NEW YORK — Good news for the news business: Companies are paying newspapers and magazines up to five times as much to place ads in their iPad applications as what similar advertising costs on regular websites.
This doesn't mean Apple's tablet computer will live up to its hype as a potential lifeline for the media industry. Online ads still generate a small fraction of news companies' advertising revenue, and it's an open question whether print ads will return to what they totaled before the recession.
But early evidence suggests the iPad is at least offering publishers a way to get more money out of advertisers. That bolsters the hope that portable touch-screen computers could start turning the economics of digital advertising in publishers' favor.
"I think it will redefine publishing and also redefine how advertisers connect with our audience," said Lou Cona, executive vice president at Conde Nast Media Group, the privately held publisher of such magazines as Vogue, GQ and Wired.
Still, a lot will need to go right for publishers before the iPad and imitator tablet computers become a significant source of income.
For one thing, media applications will have to be compelling enough to keep people engaged for longer periods. Also, tablet computers will have to get into many more readers' hands - but without becoming so mundane that advertisers are no longer willing to pay a premium for what now is rarefied space.
There are many reasons publishers don't make as much online as in print. While newspapers and magazines offer a limited supply of ad space - the number of pages they publish - space online is virtually limitless. Advertisers that don't want to pay full price can spend their money with online ad networks, which get discounted rates on slots publishers can't sell on their own.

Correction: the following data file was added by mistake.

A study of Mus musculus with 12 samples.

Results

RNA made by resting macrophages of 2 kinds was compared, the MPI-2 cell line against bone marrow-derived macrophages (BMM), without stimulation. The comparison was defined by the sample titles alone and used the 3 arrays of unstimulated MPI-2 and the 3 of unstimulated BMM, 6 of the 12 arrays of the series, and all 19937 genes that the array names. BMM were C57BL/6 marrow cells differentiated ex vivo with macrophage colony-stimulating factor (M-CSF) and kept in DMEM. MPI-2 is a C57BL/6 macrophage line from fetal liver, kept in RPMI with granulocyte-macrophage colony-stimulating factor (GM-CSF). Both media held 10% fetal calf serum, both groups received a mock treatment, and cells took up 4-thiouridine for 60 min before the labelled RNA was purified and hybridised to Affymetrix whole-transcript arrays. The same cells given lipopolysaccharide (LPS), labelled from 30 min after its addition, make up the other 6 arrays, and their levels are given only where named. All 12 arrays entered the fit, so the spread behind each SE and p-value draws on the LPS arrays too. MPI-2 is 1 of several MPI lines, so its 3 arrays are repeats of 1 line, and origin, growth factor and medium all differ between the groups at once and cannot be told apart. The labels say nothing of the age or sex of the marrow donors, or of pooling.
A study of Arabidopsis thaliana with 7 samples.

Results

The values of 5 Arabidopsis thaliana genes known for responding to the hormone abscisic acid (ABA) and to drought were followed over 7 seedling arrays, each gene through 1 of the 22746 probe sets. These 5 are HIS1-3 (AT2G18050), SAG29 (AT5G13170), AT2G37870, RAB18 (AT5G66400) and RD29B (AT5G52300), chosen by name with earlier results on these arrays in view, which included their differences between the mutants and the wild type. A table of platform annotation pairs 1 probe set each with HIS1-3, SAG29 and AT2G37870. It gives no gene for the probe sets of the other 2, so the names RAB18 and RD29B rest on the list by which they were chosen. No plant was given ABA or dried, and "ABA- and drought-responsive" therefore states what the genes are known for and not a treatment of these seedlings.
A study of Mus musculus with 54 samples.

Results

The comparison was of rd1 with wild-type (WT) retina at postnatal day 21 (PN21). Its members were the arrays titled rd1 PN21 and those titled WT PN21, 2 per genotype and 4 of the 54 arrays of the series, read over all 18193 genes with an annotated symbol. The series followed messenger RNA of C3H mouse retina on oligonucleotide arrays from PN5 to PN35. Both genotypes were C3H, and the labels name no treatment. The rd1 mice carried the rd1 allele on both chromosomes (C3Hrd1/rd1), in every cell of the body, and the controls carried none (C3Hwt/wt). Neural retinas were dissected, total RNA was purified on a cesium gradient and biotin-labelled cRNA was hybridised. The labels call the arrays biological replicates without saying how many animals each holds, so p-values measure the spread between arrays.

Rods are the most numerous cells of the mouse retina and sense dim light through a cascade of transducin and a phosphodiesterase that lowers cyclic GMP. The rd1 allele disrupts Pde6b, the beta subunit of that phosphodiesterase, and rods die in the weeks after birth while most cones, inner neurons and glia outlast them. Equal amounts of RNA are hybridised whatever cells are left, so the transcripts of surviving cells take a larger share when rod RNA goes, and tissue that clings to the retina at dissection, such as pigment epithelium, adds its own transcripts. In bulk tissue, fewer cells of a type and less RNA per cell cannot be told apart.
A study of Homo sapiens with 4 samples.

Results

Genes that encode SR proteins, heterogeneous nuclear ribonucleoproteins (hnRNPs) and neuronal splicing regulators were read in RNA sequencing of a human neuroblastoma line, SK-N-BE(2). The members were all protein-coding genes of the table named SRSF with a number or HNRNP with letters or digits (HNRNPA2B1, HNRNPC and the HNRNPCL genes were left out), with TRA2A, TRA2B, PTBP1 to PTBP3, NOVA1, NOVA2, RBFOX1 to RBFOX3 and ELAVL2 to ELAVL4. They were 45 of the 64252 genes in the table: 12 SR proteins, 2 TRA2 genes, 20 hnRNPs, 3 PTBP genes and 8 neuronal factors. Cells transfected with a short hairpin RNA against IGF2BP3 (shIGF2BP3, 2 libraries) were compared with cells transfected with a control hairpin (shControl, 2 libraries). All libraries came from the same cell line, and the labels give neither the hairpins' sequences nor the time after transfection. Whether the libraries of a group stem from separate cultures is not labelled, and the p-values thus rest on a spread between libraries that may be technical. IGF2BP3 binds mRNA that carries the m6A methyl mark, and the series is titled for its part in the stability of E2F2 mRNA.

That supply/demand equation hasn't played out yet on the iPad. In iPad applications such as USA Today's, there is a finite amount of space, and no ad networks are in the mix. And the app gives advertisers new possibilities. A reader can click on Courtyard by Marriott's USA Today ad and then with a flick of a finger scroll through images of the hotels' updated lobby design. Another tap and a high-definition video appears, full of happy hotel guests.
Jason Fulmines, director of mobile products for USA Today's corporate parent, Gannett, says the newspaper is charging Marriott about $50 for every thousand times, or impressions, the ad appears. The average rate for USA Today's regular website is less than $10, he said. In the printed newspaper, the cost per thousand impressions on a full-page color ad that runs nationally is $103.
The newspaper's markup on iPad ads appears to be common. Phuc Truong, managing director of the mobile marketing company Mobext U.S., said publishers have been asking two to four times the usual rate of online advertising.
One reason JPMorgan Chase & Co. leapt to sponsor The New York Times' app for the first 60 days was the opportunity to showcase its Sapphire credit card to early buyers of the device. That card is aimed at the top 15 percent of earners, and people who bought the iPad (for $499, at least) presumably have extra cash. Apple says it has now sold 2 million iPads.
Wired might be the most aggressive magazine in trying to push the iPad's potential. Wired's app lets readers peruse the magazine the way they would in print, but with extra touches such as video clips or graphics that can be rotated with a finger swipe.
Wired's app costs $4.99 per issue, which brings up another wild card: whether publishers can balance methods of seeking revenue from readers and advertisers.
On the Web, most content is given away in hopes of luring the widest possible audience for advertisers. Publishers are eager to avoid repeating that on tablets, but charging for apps carries its own risks. There might not be enough readers willing to pay, which would reduce the audience that can be sold to advertisers.
Wired says its first effort is working out. One week after the app went on sale, more than 66,000 people had paid for it. In an average month, the printed magazine sells 82,000 copies on newsstands.